Parts search sinks early opening for Lake Powell ferry
An international hunt for replacement parts for the crash-damaged ferry at Lake Powell was only partially successful.
So, "Sixteen parts are being manufactured locally by shops in Salt Lake Valley," said Kevin Kitchen, spokesman for the Utah Department of Transportation. The Utah Transportation Commission requested that update on ferry repairs as it met in Monticello on Thursday and Friday.
That's bad news for ferry operations that originally were scheduled to begin this week. Because of problems with repairs, the scheduled opening remains pushed back to July 1.
The ferry crashed on March 12 during a test run conducted amid work on generators, with what reports said was an inexperienced crew in strong winds. It ran aground and into a canyon wall, damaging all its propellers and outdrives, the part of the steering and propulsion system that is outside the hull.
Unfortunately, the manufacturer of the outdrives has gone out of business, which forced the international hunt for salvaged parts and now the manufacture of some.
Parts that were found, Kitchen said, have been shipped to Utah or are on their way.
Kitchen said obtaining all parts will still take another two to three weeks. Installation and testing will take another week or so. Then the manufacturer of the engine will require several days to calibrate instruments. Finally, the U.S. Coast Guard will need to inspect and certify the repairs.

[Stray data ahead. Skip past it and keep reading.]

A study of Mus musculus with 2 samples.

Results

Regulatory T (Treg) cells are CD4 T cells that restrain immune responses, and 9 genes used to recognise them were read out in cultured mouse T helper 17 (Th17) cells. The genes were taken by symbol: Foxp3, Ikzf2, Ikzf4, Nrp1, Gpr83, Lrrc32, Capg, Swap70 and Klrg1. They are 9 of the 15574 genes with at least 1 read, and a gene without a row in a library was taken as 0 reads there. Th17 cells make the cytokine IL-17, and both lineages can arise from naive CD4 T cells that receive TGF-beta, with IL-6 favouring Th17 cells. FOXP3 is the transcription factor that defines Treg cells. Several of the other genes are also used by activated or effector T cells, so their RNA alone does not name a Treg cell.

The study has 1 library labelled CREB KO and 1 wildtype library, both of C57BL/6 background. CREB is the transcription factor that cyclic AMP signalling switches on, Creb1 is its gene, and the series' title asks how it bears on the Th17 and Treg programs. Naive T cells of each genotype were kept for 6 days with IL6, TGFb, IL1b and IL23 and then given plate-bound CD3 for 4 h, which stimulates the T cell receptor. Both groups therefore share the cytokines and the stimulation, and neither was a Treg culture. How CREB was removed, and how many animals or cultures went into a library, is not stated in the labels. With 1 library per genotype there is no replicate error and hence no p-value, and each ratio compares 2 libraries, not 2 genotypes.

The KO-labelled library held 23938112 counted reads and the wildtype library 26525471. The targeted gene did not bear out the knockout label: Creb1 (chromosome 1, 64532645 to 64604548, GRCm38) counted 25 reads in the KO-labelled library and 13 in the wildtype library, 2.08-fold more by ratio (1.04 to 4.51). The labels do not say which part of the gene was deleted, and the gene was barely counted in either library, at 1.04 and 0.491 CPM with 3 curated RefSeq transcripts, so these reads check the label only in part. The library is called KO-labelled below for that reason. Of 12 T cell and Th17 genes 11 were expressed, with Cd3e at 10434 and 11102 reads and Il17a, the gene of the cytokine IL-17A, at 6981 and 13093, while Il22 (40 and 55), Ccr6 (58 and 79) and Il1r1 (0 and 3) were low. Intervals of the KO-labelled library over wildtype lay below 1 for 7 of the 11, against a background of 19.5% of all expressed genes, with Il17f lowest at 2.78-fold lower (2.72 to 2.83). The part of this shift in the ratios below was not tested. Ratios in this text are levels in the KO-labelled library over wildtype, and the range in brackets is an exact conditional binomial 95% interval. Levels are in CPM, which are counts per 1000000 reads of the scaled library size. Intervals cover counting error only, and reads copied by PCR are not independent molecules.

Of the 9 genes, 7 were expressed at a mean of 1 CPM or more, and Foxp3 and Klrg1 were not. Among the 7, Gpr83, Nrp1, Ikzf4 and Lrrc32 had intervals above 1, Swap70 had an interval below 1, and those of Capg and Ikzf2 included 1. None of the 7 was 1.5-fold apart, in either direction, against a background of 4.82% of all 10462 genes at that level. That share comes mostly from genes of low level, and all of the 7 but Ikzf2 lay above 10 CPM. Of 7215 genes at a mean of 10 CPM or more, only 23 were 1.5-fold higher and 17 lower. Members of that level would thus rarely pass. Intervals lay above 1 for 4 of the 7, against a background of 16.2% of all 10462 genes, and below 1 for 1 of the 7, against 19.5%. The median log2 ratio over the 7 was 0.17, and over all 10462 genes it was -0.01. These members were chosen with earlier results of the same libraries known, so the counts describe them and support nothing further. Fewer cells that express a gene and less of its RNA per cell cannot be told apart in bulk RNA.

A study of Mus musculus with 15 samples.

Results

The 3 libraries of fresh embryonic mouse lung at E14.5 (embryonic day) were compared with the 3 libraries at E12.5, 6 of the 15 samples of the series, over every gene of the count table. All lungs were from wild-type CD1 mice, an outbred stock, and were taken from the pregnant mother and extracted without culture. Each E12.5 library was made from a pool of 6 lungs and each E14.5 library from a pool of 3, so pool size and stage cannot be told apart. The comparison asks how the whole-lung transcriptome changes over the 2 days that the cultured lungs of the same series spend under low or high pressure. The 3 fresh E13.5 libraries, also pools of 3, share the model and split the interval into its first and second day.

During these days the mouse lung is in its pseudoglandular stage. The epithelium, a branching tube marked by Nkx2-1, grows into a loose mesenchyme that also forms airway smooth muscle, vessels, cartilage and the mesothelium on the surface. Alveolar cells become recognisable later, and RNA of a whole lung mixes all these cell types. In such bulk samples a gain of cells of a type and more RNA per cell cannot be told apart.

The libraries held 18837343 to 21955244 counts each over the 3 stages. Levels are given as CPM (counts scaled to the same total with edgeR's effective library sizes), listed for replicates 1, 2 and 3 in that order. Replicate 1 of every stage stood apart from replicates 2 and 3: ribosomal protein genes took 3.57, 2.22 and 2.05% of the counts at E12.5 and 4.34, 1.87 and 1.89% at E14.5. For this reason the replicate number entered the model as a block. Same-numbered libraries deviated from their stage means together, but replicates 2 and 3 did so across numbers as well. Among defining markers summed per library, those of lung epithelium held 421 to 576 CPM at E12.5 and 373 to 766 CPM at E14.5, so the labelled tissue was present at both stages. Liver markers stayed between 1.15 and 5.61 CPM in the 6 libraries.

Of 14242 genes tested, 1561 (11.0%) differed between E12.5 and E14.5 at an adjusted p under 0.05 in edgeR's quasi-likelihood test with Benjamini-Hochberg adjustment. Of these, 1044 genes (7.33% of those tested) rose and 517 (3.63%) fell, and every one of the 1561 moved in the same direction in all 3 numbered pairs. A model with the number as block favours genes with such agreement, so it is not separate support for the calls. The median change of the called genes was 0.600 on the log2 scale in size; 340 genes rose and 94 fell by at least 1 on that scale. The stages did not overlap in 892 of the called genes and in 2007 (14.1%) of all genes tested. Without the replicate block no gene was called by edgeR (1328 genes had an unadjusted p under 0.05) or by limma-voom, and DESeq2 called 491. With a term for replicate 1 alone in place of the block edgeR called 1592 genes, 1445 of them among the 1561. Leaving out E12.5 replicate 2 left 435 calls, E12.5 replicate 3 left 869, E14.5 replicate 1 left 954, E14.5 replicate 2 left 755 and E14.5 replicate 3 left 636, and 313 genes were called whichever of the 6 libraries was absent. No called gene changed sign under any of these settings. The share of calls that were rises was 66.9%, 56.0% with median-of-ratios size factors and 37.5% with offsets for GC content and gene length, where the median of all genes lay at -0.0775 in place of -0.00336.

The ferry, owned by the Utah Department of Transportation but operated by concessionaire Aramark, connects northern and southern portions of State Road 276 in scenic Garfield, Kane and San Juan counties.
Damage is estimated at about $150,000, Kitchen said. The state contract requires Aramark to carry insurance for accidents, and that is expected to cover the costs.
Kitchen said the ferry ridership averages 11,000 to 14,000 people annually. The state subsidizes operations beyond what fares raise by about $100,000 a year, but it was $118,000 last year, Kitchen said. Local counties consider it a contribution to help tourism in the area.
The ferry runs seasonally, roughly between Memorial and Labor days, although dates vary year to year. Kitchen said the ferry needs the lake level to be at a minimum elevation of 3,580 feet to operate, which usually occurs after spring runoff.